The moment of inertia of a rotating body is the resistance of mass to a change in rotation around an axis. A still point around a turning body.
Music fills the concert hall, long after the song is over. O mio babbino caro, Mi piace, è bello, bello, Vo' andare in Porta Rossa, a comperar l'anello! My balcony seat, an extension of my over-stuffed apartment, faces west. I write at and look at the changing colors of the narrow sliver of sky between the buildings aligning Park, Madison, Fifth, Broadway, all the way to the
. White flowers decorate the trees potted in small squares along Hudson 54th street; White flowers are nodding outside my dusty apartment window; White flowers line the sidewalks, impressions on tall, lit buildings. White flowers bloom in a city. Park Avenue is filled with potted flowers and trees with blooms of blue, yellow, pink and white, clouding my internal sense of spring. For, how have hyacinths bloomed so immediately when I have missed the budding bulbs? I play a recording of a soprano aria on the balcony.
When I look far enough toward the west, the flashing buildings and moving cars, coming towards me down the one way street and across the horizontal avenues, look like little Forth of July sparklers. They move against the steady lights in buildings of working midtown professionals. The scene of every day life on 54th is below me, the bars opening their doors at Nine o’clock, letting the bass of hip hop drift outwards to mingle with slow traffic, the conversations outside bodegas floating up to my balcony as the notes of Gianni Schicchi meets them halfway. Sì, sì, ci voglio andare! e se l'amassi indarno, andrei sul Ponte Vecchio ma per buttarmi in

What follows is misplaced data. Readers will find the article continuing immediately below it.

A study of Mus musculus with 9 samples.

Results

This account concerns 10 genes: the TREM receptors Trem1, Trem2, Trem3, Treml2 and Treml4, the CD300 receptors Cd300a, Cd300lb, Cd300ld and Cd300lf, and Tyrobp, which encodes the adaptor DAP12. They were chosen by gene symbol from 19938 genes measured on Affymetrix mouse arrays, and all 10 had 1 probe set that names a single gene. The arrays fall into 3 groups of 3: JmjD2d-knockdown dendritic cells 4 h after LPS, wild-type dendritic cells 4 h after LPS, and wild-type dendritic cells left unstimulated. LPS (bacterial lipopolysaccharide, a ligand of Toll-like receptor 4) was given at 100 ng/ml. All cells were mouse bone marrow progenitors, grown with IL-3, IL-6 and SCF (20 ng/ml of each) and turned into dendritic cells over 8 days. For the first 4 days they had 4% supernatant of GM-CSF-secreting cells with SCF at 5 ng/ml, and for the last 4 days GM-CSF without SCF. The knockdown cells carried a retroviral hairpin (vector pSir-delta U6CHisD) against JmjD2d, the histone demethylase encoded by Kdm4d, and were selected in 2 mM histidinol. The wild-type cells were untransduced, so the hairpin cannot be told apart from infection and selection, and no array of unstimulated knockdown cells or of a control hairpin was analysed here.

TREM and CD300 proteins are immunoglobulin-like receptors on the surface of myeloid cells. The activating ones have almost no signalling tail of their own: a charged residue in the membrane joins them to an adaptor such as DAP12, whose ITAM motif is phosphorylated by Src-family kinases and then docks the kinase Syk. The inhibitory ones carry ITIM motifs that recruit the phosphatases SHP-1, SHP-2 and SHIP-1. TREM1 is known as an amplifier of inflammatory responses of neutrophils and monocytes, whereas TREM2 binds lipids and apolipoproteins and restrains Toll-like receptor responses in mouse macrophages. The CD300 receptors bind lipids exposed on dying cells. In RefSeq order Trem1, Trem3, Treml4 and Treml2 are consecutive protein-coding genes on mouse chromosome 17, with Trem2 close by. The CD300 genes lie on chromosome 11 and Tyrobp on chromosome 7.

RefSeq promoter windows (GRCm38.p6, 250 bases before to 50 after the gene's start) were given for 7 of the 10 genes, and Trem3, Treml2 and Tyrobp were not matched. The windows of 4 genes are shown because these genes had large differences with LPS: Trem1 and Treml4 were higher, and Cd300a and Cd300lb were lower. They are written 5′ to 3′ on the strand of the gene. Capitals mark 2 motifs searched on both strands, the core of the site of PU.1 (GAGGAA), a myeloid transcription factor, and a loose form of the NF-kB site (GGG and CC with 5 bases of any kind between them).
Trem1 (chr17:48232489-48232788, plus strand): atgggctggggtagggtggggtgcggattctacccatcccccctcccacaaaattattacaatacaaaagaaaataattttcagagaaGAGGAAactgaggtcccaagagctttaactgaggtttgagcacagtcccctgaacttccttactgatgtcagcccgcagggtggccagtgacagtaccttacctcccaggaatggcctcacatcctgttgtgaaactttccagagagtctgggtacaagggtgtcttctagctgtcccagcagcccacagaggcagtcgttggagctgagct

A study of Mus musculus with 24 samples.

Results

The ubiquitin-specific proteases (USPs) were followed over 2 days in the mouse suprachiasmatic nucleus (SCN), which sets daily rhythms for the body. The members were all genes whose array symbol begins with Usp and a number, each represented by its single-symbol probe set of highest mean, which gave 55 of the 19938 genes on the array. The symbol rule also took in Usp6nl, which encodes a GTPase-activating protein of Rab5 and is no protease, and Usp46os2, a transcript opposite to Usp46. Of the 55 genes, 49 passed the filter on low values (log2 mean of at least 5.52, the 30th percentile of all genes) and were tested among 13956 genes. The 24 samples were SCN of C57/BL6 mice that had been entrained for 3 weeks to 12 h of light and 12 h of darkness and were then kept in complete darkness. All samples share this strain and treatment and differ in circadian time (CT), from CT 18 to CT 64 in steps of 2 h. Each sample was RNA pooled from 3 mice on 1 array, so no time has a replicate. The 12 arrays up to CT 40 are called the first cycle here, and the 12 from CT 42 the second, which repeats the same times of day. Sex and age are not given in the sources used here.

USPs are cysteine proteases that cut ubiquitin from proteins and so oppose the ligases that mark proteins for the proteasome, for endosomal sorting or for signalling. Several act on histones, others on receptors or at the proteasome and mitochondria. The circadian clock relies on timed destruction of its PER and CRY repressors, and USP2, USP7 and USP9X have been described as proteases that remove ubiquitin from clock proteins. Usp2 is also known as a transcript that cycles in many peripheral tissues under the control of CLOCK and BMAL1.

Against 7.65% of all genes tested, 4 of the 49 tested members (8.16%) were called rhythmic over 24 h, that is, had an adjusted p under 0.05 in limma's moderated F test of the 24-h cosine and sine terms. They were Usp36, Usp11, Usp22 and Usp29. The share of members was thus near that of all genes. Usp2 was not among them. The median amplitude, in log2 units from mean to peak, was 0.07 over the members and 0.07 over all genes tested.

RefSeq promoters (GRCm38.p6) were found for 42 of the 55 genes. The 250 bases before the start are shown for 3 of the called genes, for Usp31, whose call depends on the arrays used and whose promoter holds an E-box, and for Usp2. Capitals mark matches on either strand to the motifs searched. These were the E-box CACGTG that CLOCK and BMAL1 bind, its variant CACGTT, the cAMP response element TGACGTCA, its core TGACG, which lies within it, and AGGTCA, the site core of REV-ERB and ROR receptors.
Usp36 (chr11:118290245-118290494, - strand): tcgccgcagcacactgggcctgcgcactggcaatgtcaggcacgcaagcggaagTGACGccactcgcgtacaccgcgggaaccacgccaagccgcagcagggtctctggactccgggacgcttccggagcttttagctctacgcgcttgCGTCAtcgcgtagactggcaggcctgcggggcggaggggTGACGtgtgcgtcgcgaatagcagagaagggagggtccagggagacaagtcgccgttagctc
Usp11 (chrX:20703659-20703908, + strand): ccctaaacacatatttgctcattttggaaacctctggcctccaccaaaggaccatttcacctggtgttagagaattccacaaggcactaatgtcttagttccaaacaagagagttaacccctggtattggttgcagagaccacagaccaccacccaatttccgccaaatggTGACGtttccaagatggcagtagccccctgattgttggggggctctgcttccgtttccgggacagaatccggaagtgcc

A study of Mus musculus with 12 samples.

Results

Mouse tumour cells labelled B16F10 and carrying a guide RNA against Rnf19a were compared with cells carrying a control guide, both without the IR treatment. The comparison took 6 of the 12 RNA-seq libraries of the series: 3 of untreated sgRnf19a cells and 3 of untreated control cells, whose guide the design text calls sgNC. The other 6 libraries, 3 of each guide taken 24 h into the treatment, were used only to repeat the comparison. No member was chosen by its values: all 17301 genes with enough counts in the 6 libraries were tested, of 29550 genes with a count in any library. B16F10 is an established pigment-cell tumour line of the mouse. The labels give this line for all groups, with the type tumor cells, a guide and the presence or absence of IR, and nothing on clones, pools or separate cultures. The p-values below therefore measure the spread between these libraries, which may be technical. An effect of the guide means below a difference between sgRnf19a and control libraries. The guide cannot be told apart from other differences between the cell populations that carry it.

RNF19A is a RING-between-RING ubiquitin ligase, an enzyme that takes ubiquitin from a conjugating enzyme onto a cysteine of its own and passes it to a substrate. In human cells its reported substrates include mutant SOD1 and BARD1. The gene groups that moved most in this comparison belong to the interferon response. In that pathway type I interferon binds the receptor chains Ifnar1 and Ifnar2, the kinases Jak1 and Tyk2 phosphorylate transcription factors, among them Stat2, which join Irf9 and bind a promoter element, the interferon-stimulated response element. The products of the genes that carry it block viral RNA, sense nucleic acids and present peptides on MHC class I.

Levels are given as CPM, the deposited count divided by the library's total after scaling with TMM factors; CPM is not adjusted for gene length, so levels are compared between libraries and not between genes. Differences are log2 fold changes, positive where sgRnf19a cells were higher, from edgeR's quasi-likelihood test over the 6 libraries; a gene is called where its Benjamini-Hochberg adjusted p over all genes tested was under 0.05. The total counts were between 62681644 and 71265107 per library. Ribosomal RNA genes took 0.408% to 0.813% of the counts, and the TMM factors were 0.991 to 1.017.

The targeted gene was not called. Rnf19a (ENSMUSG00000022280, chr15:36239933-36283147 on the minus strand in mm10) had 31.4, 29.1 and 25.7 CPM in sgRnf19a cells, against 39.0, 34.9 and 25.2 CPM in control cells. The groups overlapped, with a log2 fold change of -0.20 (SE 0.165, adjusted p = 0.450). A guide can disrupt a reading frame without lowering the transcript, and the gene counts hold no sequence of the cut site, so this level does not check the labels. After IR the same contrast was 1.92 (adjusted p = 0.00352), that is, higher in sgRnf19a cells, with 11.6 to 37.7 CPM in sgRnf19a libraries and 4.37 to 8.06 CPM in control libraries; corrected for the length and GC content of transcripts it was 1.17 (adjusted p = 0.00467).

Arno! Sounds dissipate into one another, flowing through and into the evening lights. At this time of night, ladies walk by slowly with sequined purses and the local delivery man is carrying a pizza on his bicycle, his little bell interrupting my aria. O mio babbino caro is playing, and I am counting flashing cars passing by my balcony and thinking of the last note in a symphony.
Hovering, suspended, effortless – the last note resounds through the concert hall. Music teachers would say that the last note is the most powerful, the most vital, the most impossible to deliver properly. The last note is the final separation between the sound and the silence, as contrasting as white flowers blooming in a city of lights at night. I am forced to practice the last note repeatedly. Five repeats. Ten. Twenty. An hour of repeating three measures to perfect the motion of a body to deliver the conclusion of ten minutes. Mi struggo e mi tormento! O Dio, vorrei morir! Babbo, pietà, pietà! Babbo, pietà, pietà! That motion beyond the sound – the continual momentum of the bat, long after the ball has been hit – is the sound within the silence, the absence of time in an hour, the absolute existence of a thing within its contradiction (why would the madam move her arms to deliver an aria?).
When the final note is completed, the body holds the breath of music, letting the sound (when the sound has been played, blown, or struck) bleed through the room like a vein carrying blood to the heart. Hands leave the keys, just as the violinist’s bow is suspended, frozen in the air from the instrument as the note moves past the song’s ending and into the concert hall. This moment is an intersection point – a point when music is heard long after the symphony has stopped, when music still breathes long after the sound is dead.My aria on the balcony settles into the evening above and below, intermingling with the conversation of other sounds, and blooms like white flowers would in winter and bleeds like a vein carrying blood to the heart, long after the sound is gone.